RTI (part of MTSS) is a model for providing interventions. The ultimate goal when RTI started was to limit SPED referrals and IEPs by providing effective tiered interventions. There are lots of books and online resources that can teach you about RTI.

In my experience, based on things I've seen in my district and learned at RTI trainings, RTI is sort of like PLCs in that people interpret what that means and what it looks like it lots of different ways. It is difficult (personnel resources and time) to establish an RTI program "with fidelity".

My advice to you would be to find out how your school identifies at risk students and make sure you are very familiar with those measures. We also use diagnostic inventories (QRI or CORE Survey) to pinpoint areas of need, which helps in forming groups and setting goals and timelines for interventions. It will also help you pinpoint what types of materials to use and lessons to develop.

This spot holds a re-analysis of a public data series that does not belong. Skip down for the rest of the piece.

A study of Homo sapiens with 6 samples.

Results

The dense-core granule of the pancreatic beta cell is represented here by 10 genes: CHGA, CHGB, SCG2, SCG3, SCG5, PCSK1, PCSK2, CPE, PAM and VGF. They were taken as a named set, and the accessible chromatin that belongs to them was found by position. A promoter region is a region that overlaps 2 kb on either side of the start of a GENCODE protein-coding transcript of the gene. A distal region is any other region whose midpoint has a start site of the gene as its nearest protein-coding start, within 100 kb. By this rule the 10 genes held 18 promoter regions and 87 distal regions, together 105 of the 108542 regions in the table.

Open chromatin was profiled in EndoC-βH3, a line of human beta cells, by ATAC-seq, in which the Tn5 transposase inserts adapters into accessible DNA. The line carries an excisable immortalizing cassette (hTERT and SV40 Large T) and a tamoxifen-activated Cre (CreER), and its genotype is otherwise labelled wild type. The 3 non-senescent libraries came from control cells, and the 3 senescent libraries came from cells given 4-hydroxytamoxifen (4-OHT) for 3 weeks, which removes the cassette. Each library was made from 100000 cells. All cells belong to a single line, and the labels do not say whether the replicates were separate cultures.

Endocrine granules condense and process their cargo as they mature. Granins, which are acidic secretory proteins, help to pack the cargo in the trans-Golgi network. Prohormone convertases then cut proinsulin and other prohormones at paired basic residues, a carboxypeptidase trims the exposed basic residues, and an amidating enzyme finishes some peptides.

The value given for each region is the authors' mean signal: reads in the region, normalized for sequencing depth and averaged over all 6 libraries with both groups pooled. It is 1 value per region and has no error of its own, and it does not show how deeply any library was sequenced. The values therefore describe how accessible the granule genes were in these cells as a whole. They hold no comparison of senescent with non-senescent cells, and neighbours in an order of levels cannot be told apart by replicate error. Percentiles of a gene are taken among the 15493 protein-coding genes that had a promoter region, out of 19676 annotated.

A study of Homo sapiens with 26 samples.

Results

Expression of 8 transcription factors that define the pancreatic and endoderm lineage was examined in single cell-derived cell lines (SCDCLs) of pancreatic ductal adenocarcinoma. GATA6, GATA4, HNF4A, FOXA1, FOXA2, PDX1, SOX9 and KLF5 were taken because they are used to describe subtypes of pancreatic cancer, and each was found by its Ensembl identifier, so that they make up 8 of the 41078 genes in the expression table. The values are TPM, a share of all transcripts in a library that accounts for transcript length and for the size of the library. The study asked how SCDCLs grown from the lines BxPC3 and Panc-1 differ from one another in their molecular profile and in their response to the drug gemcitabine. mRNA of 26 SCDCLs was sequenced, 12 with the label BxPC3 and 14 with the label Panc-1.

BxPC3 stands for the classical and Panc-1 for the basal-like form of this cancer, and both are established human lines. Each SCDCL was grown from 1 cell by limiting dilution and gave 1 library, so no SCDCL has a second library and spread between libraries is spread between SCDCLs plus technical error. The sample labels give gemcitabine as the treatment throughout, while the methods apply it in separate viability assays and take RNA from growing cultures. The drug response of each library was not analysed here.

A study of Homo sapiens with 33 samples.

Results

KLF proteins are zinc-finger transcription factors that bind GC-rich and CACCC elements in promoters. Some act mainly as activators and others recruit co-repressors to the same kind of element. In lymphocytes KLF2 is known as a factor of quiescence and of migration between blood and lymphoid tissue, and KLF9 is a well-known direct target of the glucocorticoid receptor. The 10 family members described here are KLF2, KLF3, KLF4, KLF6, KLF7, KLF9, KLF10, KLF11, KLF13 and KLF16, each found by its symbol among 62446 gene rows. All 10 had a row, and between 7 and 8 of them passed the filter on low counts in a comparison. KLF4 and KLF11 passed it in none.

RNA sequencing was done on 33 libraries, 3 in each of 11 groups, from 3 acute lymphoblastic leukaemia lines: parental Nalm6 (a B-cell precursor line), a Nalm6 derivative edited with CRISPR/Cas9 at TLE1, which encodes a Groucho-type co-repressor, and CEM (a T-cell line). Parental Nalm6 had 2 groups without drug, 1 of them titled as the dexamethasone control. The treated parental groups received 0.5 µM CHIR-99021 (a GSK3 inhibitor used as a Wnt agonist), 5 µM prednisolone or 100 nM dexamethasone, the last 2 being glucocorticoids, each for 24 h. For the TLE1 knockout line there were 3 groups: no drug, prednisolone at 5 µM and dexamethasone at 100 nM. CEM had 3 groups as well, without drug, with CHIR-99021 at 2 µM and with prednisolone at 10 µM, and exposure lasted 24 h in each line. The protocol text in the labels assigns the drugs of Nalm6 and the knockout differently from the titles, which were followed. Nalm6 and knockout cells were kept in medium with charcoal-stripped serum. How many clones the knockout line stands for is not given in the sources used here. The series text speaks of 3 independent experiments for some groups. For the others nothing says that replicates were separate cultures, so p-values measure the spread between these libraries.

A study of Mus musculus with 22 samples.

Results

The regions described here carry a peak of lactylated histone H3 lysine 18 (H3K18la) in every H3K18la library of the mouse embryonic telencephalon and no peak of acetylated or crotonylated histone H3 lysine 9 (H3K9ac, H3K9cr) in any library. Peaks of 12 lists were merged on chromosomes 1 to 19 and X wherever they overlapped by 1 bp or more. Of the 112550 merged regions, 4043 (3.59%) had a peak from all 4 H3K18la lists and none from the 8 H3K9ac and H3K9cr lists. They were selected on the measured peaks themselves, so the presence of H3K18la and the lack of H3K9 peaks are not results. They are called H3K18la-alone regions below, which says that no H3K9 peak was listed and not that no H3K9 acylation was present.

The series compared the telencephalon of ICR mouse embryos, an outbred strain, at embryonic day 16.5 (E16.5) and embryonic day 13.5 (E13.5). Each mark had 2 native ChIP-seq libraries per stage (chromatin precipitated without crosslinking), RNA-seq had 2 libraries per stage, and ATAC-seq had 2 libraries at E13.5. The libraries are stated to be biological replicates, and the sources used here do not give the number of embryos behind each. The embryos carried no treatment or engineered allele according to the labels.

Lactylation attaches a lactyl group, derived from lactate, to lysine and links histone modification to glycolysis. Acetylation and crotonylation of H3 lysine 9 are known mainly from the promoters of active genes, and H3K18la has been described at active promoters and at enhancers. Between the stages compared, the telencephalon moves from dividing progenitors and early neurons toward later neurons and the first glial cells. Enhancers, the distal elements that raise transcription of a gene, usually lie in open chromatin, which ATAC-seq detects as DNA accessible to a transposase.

Best of luck to you!

ETA: Most often what I have seen when someone is "in charge of RTI" is that it includes not only the intervention groups, but also if your school does any kind of leveled reading groups, you would be overseeing that as well. That is what RTI was when I took over as the reading specialist at my school (my principal has no reading background and the reading specialist before me ended up in the position because of seniority but didn't know anything about RTI). We used DIBELS and MAP to place students into leveled reading groups - I was "in charge" of collecting all of the student data on a spreadsheet, sorting it out, and then leading the meeting to set the groups, and making changes if teachers felt they were needed. That isn't actually true RTI, but it is sort of the first step towards getting to an RTI model. We have since transitioned from that to pretty close to what RTI was intended to be, so it's possible to get there even if you are going in to a system that isn't super effective if your administration is open to ideas.